There isn’t much question that fighting is on its way out of the game of lacrosse. Certainly that’s true in Canada, where the CLA has passed new rules for 2013 that impose harsher penalties on combatants (particularly instigators or aggressors). The National Lacrosse League doesn’t see a ton of fights these days, but when one does crop up there are still plenty of folks who enjoy a little boxing thrown in with their lax. Today, you get to pick who is the best of the bunch when the mitts come flying off. IL Indoor’s Fan Poll asks who is the best fighter in the NLL.
Supporting the theory that the pugilistic arts are on the decline in lacrosse, it’s hard to even round up a sizable field of candidates. There just aren’t that many guys going buckets these days. Two of the guys who would be natural contenders here really aren’t applicable. Brandon Francis is out for sure, because he was released by Buffalo and isn’t on a roster.
Rory Smith is one of the most feared combatants in the game, but think about the last time you saw him in a fight. It may take a while—he didn’t drop the mitts at all last NLL season. He did have one fight each in the MSL regular season and playoffs—against Kyle Termini of Ajax and then Dylan Evans of Brampton. But in the MSL finals against Peterborough—including noted tough guy and classic Smith dancing partner Andrew Suitor—not only did Smith not fight, he barely went in the penalty box at all. We’ll leave him in the poll, but it’s worth noting that while his fighting is going by the wayside he’s working his way up the list of the top defenders in the game. Pretty good tradeoff for his Mammoth employers.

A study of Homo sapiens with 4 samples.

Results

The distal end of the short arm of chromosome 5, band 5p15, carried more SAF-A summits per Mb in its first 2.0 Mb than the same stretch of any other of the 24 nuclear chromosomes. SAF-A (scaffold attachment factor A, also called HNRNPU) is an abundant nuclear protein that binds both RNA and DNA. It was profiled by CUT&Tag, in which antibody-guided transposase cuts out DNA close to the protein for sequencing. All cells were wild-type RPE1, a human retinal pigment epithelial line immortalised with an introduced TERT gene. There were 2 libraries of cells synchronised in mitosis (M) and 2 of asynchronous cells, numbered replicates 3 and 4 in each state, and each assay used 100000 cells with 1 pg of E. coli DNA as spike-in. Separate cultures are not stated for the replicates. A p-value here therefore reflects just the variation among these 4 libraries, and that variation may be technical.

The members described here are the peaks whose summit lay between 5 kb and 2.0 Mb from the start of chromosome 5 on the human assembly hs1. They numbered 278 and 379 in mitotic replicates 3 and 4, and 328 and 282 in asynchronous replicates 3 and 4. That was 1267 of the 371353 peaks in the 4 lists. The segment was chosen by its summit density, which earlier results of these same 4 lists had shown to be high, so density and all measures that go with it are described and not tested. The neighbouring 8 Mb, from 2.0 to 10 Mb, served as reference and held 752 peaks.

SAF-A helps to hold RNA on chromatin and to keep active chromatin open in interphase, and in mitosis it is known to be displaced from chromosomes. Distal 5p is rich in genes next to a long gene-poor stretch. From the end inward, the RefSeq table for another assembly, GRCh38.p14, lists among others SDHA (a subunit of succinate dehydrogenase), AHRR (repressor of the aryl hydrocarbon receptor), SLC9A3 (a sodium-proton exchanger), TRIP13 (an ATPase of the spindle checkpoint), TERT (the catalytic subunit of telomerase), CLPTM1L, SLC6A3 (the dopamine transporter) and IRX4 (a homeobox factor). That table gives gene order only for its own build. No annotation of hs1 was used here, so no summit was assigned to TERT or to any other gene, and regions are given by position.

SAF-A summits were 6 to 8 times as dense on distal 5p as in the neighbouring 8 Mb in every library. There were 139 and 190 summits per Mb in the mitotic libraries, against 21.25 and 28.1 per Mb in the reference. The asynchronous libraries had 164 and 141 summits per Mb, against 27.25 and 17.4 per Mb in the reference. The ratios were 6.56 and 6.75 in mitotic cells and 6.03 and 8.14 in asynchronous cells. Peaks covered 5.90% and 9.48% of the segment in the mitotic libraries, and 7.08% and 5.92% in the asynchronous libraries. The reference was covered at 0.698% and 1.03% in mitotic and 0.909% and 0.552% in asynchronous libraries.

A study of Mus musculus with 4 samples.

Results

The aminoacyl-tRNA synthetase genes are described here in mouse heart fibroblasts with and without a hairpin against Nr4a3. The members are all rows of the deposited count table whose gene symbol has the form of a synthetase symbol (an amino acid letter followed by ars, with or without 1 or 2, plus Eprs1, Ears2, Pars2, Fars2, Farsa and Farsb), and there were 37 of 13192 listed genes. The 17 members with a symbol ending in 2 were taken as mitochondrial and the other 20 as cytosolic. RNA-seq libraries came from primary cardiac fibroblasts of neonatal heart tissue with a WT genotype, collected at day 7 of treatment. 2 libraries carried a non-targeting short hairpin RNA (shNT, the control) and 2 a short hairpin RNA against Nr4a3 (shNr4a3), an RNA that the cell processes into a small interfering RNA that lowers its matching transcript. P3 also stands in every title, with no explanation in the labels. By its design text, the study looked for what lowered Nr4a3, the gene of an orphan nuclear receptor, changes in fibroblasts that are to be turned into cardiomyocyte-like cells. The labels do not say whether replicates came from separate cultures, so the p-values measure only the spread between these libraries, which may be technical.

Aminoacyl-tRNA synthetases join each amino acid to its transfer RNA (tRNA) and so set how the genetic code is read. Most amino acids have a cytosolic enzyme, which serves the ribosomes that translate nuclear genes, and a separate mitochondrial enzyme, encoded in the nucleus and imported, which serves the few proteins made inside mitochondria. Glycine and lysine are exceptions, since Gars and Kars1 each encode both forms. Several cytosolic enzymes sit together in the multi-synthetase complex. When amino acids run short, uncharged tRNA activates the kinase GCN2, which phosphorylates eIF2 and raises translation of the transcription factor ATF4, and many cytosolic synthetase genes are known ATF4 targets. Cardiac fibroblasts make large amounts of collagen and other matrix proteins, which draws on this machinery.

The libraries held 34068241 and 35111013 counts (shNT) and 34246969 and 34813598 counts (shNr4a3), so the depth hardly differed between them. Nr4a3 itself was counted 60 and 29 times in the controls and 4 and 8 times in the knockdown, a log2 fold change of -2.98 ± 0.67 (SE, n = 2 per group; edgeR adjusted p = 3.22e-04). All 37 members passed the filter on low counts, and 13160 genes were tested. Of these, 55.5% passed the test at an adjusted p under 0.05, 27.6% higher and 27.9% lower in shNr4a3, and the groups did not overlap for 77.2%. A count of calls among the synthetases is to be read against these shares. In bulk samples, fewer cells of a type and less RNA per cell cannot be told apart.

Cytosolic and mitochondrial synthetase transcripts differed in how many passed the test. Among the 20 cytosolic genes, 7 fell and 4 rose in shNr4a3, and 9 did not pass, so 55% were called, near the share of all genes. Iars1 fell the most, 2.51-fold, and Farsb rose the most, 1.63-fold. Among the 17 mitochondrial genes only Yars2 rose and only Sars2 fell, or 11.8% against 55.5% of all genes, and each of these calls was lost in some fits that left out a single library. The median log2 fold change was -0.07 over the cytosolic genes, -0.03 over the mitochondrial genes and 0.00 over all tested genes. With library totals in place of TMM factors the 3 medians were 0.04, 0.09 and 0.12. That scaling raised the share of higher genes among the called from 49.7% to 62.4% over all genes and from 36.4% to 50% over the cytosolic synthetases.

There are another half dozen battling it out for the title of top fighter. There’s the young gun in Suitor, who definitely still enjoys a good tussle now and then. Then there’s the veteran who is well-known for his distinctive fighting style. Geoff Snider likes to grab hold of his opponent’s jersey with his left hand and wait patiently for an opening. He’s good enough at it that he often requires just one punch to score a decisive win.
Paul Dawson is big and strong and has a mean streak on the floor. Fighting, however, took him a while to really master—possibly because he entered the league as a goalie and they don’t tend to fight a whole lot (Paddy Campbell notwithstanding). He had landed some devastating punches over the last couple of years and not many people are keen to tangle with him these days.
Finally, we’ll include a couple of guys who may not fight often but who can do some serious damage when they do. Both are scary because of a similar trait they share when they fight: they are fearless, a bit wild and don’t care if they get hit, as long as they’re landing their punches–and they punch hard. Scott Evans and Billy Dee Smith are both big and strong and not someone you’d want to be in a dark alley with (unless they were on your side, in which case you couldn’t ask for a much better wingman than either one).